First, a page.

The year was 1967 and I was playing my final year on my high school baseball team, named the Broncos. As an eighteen year old I was one of three senior players on this team and even more important, I was a pitcher.
I spent my first year with this team as an outfielder which was a very lonely place to be but the following year I became the primary third baseman and a part time pitcher. During my final year the role had reversed and I was the primary pitcher and part time third baseman.
For me life was great in this final season. The baseball pitcher received all of the attention of the coach, the players and the fans in the stand. I thought I had arrived in life and my cocky attitude was continually on display.
I felt that I was the very best player on this team and I was not shy about letting everyone know that little fact of life.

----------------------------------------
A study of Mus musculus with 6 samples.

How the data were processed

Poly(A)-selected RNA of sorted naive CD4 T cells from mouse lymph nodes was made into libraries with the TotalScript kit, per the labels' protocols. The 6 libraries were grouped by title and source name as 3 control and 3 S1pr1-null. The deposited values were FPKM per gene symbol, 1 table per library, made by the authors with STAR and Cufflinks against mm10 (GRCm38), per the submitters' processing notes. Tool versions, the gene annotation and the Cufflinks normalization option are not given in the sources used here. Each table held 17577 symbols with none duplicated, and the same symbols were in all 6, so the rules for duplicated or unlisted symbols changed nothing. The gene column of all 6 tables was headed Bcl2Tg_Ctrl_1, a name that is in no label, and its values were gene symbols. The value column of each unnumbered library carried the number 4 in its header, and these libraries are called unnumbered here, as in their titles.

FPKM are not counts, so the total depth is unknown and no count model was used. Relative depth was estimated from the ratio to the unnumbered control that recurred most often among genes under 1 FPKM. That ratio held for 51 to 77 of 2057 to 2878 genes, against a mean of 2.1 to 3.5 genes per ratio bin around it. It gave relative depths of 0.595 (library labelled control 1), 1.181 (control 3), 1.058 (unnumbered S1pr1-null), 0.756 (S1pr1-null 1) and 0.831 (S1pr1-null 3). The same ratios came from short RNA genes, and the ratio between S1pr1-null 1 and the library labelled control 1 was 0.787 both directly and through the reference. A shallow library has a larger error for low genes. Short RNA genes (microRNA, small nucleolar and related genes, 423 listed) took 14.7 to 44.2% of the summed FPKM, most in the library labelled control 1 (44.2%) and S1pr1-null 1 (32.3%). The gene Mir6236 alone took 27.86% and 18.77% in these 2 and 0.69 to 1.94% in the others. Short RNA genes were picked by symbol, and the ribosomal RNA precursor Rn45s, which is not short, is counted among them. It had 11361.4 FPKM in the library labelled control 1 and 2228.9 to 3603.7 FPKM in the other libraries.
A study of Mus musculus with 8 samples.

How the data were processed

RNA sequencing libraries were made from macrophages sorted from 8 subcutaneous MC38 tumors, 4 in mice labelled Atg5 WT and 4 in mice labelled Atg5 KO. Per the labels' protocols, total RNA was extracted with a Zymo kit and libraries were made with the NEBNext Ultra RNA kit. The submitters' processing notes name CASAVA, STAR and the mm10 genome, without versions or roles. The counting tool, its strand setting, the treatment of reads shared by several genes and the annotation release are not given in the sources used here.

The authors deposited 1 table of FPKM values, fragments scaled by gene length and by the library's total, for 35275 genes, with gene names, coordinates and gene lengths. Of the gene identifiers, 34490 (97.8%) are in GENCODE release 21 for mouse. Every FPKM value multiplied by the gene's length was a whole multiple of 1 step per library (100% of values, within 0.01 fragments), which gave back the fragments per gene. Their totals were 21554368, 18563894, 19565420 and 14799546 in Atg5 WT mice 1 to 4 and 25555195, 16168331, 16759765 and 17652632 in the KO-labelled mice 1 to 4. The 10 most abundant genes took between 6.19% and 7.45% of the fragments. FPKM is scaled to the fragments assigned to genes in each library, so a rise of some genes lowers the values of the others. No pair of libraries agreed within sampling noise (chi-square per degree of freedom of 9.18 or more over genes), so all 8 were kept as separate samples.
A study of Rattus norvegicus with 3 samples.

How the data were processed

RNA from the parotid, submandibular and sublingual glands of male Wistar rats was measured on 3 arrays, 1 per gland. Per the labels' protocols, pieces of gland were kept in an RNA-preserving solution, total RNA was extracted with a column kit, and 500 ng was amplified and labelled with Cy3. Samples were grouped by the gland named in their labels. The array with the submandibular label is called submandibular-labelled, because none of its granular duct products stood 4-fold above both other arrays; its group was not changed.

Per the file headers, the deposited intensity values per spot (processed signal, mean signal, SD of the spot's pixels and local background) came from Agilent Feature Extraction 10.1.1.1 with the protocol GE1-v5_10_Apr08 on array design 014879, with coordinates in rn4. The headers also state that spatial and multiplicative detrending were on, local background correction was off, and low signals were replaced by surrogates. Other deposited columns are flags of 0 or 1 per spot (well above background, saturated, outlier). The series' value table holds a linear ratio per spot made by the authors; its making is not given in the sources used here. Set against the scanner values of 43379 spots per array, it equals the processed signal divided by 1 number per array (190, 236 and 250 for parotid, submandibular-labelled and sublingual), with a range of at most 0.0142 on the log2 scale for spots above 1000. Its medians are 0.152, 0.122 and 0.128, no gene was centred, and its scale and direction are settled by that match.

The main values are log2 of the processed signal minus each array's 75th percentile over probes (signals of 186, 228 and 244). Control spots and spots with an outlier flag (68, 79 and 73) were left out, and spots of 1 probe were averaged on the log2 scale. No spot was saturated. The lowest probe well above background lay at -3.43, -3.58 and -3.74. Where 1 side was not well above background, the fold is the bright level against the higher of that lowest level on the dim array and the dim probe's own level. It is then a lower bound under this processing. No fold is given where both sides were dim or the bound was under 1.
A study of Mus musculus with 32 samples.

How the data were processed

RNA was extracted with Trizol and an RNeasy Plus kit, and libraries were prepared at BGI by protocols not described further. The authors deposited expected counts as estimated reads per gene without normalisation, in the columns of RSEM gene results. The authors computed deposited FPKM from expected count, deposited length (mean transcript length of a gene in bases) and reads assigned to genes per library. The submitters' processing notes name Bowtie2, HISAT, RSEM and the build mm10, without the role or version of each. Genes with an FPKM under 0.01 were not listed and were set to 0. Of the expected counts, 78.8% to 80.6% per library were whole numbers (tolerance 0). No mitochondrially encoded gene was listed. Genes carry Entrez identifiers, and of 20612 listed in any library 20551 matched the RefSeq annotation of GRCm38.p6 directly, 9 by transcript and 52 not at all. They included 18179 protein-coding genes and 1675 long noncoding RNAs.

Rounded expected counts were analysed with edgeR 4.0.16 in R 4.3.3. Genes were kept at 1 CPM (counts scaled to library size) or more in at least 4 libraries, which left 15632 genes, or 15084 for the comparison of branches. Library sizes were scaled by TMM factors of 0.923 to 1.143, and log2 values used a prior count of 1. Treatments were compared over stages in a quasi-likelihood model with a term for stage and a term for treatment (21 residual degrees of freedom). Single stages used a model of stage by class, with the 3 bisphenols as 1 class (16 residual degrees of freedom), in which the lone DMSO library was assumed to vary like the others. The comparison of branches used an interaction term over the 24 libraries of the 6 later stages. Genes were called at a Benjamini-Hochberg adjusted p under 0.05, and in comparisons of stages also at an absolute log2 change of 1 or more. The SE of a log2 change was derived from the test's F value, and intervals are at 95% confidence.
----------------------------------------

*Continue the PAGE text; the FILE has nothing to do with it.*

I became frustrated with the rest of the team because we had been losing games. Some batters were not hitting and our defense was awful. I did not hesitate to let them know how angry I was with them.
After our fifth game of the twelve game schedule my coach pulled me to the side and ask what my problem was. I told him that I did not have a problem instead; I was only having fun and enjoying the fame. He informed me that, yes I was a very good player and pitcher, however, he said, our team has only won one game and that there was more that I could be doing to help the team win other than just throwing strikes and striking out batters.
He informed me that the team was much more important than just me alone. He also informed me that our team had been losing and that no matter how good I was that I was still on a losing team.
Learning that the team was more important than the individual, at the age of eighteen, changed my life and each Thanksgiving I give thanks to Coach Vaughn for helping me to see that.